New scale interprets pain from feline facial expressions


Dr. Paulo Steagall, an associate professor of veterinary anesthesia and analgesia at the University of Montreal, presented the Feline Grimace Scale for the first time in the United States during a session in August at AVMA Convention 2019 in Washington, D.C. He said details about the FGS will be published in Scientific Reports, a journal from Nature Research.

Researchers at the University of Montreal, including doctoral student Dr. Marina Evangelista, categorized and tested five facial action units indicative of pain in cats: ear position, orbital tightening, muzzle tension, whisker position, and head position. A score of 0 means absence of the action unit, 1 is moderate appearance or uncertainty, and 2 is obvious appearance. A total score of 4 or more means the cat is in pain and needs rescue analgesia. The maximum total score is 10.

Feline Grimace Scale
Images of cats in which pain was absent, moderately present, or markedly present (Courtesy of Dr. Paulo Steagall)

The scoring of 0, 1, or 2, respectively, for each facial action unit is as follows:

  • Ear position—Ears facing forward, ears slightly pulled apart, or ears flattened and rotated outward.
  • Orbital tightening—Eyes opened, eyes partially opened, or eyes squinted.
  • Muzzle tension—Muzzle relaxed (round), muzzle mildly tense, or muzzle tense (elliptical).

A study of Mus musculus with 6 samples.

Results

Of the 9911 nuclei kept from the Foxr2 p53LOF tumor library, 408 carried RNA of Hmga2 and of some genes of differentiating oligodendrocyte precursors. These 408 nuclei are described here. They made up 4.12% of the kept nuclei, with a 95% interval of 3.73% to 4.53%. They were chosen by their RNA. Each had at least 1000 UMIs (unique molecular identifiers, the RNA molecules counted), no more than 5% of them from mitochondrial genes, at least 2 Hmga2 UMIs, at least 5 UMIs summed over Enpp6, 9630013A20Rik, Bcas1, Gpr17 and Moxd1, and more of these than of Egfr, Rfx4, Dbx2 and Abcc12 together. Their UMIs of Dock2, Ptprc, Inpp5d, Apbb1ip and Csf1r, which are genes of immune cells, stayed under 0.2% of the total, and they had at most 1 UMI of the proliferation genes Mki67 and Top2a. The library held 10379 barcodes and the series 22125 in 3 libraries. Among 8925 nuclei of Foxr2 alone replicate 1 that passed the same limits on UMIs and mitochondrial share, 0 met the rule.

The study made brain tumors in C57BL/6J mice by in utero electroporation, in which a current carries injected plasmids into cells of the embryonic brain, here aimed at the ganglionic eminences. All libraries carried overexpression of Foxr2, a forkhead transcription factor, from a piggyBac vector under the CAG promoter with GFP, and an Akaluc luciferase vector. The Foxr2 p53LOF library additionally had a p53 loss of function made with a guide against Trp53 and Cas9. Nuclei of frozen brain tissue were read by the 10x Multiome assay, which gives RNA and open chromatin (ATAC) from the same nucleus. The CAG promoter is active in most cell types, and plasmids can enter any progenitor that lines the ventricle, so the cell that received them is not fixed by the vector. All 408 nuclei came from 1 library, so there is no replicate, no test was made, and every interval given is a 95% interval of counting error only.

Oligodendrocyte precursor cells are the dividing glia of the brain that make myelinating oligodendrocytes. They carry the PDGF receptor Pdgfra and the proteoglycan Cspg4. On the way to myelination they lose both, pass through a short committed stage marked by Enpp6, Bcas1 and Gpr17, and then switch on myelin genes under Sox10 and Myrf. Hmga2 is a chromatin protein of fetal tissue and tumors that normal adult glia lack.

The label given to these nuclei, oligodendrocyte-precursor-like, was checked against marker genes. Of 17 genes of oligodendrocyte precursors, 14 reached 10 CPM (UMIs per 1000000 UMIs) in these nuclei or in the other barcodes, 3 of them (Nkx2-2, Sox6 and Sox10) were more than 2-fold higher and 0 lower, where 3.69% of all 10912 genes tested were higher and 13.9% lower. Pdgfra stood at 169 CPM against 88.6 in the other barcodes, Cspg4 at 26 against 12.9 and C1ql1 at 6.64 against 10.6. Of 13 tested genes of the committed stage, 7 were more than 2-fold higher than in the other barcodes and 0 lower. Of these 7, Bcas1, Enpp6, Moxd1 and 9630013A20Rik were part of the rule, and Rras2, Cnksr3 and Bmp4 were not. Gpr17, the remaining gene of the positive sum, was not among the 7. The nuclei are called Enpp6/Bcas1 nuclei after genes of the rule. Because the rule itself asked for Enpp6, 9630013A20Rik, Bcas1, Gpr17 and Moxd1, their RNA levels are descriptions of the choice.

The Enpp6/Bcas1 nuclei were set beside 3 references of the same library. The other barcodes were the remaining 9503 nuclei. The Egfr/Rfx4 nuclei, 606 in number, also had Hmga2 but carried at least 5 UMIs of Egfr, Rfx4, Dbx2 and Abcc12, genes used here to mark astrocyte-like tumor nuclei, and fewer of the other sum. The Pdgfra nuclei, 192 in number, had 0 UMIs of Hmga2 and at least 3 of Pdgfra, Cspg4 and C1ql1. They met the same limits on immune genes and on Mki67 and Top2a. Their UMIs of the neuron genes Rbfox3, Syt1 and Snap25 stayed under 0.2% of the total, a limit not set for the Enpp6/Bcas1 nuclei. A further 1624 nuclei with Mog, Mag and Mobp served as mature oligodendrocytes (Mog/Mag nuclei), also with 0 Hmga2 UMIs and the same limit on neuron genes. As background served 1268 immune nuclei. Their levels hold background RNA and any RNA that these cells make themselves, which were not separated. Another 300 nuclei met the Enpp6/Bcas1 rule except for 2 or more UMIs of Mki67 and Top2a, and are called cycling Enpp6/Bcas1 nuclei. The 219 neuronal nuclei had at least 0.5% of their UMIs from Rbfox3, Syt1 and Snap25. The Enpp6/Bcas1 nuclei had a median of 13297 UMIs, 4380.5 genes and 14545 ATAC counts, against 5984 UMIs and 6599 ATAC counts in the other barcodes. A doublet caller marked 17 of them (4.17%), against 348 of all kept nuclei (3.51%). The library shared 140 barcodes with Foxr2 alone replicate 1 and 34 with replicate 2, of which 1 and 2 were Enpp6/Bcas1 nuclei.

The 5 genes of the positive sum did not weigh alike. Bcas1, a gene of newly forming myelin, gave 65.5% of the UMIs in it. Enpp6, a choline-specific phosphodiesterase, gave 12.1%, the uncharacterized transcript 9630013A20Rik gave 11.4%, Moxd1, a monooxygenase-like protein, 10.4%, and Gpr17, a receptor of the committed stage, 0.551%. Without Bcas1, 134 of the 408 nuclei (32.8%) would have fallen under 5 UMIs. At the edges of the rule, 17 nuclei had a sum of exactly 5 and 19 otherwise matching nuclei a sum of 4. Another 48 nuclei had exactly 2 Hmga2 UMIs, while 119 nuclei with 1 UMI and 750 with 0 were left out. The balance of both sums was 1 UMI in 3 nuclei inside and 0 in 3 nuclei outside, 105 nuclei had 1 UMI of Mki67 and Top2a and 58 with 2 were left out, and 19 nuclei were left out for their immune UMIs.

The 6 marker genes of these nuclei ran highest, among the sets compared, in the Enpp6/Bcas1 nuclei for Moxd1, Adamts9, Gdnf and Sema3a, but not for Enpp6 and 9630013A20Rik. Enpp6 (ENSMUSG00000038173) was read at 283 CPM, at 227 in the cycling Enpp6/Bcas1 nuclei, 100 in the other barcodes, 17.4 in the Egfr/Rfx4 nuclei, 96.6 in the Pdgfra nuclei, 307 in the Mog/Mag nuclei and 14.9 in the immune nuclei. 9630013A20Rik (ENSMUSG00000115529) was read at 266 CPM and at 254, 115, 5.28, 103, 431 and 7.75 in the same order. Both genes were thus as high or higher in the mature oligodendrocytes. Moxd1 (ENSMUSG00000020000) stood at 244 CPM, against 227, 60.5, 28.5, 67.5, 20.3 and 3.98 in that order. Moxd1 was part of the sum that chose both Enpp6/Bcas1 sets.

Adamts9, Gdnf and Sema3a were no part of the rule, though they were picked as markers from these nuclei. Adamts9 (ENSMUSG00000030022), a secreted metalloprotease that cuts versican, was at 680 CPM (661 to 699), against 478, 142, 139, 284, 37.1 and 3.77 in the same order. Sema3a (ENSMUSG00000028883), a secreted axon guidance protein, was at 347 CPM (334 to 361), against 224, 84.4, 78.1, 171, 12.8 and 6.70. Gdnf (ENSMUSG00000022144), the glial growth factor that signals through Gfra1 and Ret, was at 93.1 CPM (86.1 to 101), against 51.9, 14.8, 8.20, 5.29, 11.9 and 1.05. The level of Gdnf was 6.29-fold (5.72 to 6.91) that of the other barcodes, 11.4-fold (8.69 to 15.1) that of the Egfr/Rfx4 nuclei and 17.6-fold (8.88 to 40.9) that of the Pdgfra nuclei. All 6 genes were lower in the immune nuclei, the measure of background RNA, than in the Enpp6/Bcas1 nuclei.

• Whisker position—Whiskers loose and curved, whiskers slightly curved or straight, or whiskers straight and moving forward.
  • Head position—Head above the shoulder line, head aligned with the shoulder line, or head below the shoulder line or tilted.

Dr. Steagall led session attendees through scoring exercises. Among the examples were the following:

  • Maman, a 1-year-old female cat spayed a week earlier at a shelter, was admitted with inappetence and fever. A post-operative infection and infection with feline immunodeficiency virus were suspected. Before rescue analgesia, she received the maximum FGS score of 10. Afterward, the score decreased to 3.
  • Suzy Petit, a 7-year-old female cat, was admitted because of vomiting. A foreign body was suspected. Her score was 6 before rescue analgesia and 3 afterward.
  • Pacane, a 1-year-old female cat with pancreatitis, received a score of 4 before rescue analgesia and a score of 0 afterward.

Dr. Steagall said researchers at the University of Montreal are conducting a series of studies validating the use of the FGS specifically for cats with orofacial pain, such as after tooth extraction procedures.